Shell develops solar power plant at Moerdijk site

Shell develops solar power plant at Moerdijk site

7:51 AM, 11th January 2018
Shell’s Moerdijk chemical site. (File photo)
Shell’s Moerdijk chemical site. (File photo)

THE HAGUE, NETHERLANDS: Royal Dutch Shell plc said that it is developing a solar power plant at its Moerdijk (Netherlands) chemicals site, with construction planned to begin in 2018. The project will provide an approximate peak capacity of 20MW of renewable power.

The power produced from the solar plant will be incorporated in the energy consumption of Shell Moerdijk. The power produced in the installation is the equivalent of the power consumption of approximately 7,000 Dutch households.

The solar plant will be constructed on an unused parcel of land at Shell Moerdijk, one of Europe’s largest chemicals manufacturing sites. Shell’s New Energies Business is the developer of the project.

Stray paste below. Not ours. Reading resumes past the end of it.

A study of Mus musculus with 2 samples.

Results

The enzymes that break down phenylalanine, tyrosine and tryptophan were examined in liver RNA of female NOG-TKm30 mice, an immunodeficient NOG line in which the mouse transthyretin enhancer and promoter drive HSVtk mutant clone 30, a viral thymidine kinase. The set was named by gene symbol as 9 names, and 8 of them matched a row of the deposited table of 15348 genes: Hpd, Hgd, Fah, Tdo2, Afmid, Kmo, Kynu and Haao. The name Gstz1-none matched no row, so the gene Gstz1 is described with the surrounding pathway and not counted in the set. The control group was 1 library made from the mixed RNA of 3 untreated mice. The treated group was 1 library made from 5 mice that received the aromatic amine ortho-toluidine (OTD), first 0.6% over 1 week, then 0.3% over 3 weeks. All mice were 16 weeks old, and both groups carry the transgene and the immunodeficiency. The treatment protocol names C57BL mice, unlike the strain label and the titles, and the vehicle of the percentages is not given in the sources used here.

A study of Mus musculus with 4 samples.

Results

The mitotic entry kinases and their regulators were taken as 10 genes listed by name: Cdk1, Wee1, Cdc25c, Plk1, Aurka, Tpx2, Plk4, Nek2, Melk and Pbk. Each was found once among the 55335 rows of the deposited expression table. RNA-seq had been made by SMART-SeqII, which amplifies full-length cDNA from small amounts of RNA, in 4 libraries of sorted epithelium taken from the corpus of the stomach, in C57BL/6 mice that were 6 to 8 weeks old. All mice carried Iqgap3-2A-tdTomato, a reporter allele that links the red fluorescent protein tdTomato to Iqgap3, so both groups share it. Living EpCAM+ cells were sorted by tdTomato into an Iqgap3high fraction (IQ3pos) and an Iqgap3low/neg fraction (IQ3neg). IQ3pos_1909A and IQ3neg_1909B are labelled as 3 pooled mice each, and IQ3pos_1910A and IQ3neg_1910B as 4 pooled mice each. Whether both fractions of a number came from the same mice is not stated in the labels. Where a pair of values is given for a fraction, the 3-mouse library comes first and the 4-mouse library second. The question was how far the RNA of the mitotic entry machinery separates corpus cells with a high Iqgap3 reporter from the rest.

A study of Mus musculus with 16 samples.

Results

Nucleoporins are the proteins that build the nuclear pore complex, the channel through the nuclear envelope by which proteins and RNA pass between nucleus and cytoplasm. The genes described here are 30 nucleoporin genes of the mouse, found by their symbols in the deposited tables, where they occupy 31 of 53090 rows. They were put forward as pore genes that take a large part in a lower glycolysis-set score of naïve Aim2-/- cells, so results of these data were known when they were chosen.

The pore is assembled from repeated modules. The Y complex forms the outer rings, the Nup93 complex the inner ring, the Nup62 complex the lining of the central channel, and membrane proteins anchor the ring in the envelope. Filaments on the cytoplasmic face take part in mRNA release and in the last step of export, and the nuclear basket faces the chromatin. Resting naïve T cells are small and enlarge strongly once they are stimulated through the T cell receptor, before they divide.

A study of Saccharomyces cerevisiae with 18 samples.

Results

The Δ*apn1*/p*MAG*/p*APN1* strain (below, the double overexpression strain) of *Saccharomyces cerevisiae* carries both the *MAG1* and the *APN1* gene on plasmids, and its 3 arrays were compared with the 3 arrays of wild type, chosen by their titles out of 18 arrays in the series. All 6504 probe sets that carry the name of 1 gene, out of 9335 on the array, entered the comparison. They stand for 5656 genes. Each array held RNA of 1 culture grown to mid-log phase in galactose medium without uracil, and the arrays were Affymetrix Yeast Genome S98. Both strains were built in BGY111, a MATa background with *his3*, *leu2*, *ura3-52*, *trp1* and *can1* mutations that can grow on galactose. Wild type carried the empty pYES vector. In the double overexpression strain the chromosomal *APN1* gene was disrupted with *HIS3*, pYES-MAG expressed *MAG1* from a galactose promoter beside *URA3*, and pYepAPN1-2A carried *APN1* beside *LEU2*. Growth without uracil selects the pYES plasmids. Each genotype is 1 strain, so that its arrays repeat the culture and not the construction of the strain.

“Developing this solar power plant in Moerdijk fits within Shell’s ambition to play an active role in the Dutch energy transition. We are eager to limit emissions through energy efficiency improvements of our processes and investments in new energy activities at the same time. Other examples of Shell’s work in the Netherlands energy transition include offshore wind in the North Sea, electric mobility at our retail sites and residual heat from Shell Pernis,” said Marjan van Loon, president-director Shell Nederland.

“The market for solar power has developed over the years. Shell recognises that solar will play an increasing role in tomorrow’s energy systems. That’s why Shell is investing in solar projects and knowledge,” said Marc van Gerven, vice-president solar for Shell New Energies Business.

“Teams at the 17 refineries and chemicals plants Shell operates strive to improve their energy efficiency. They are investing in units to cogenerate electricity and heat, improving utilisation, upgrading equipment and technology, and even selling excess heat to neighbours.  This solar project at Moerdijk demonstrates that creativity is needed and good ideas will be implemented to achieve our goal of reduced carbon intensity,” said Lori Ryerkerk, Shell executive vice-president of manufacturing.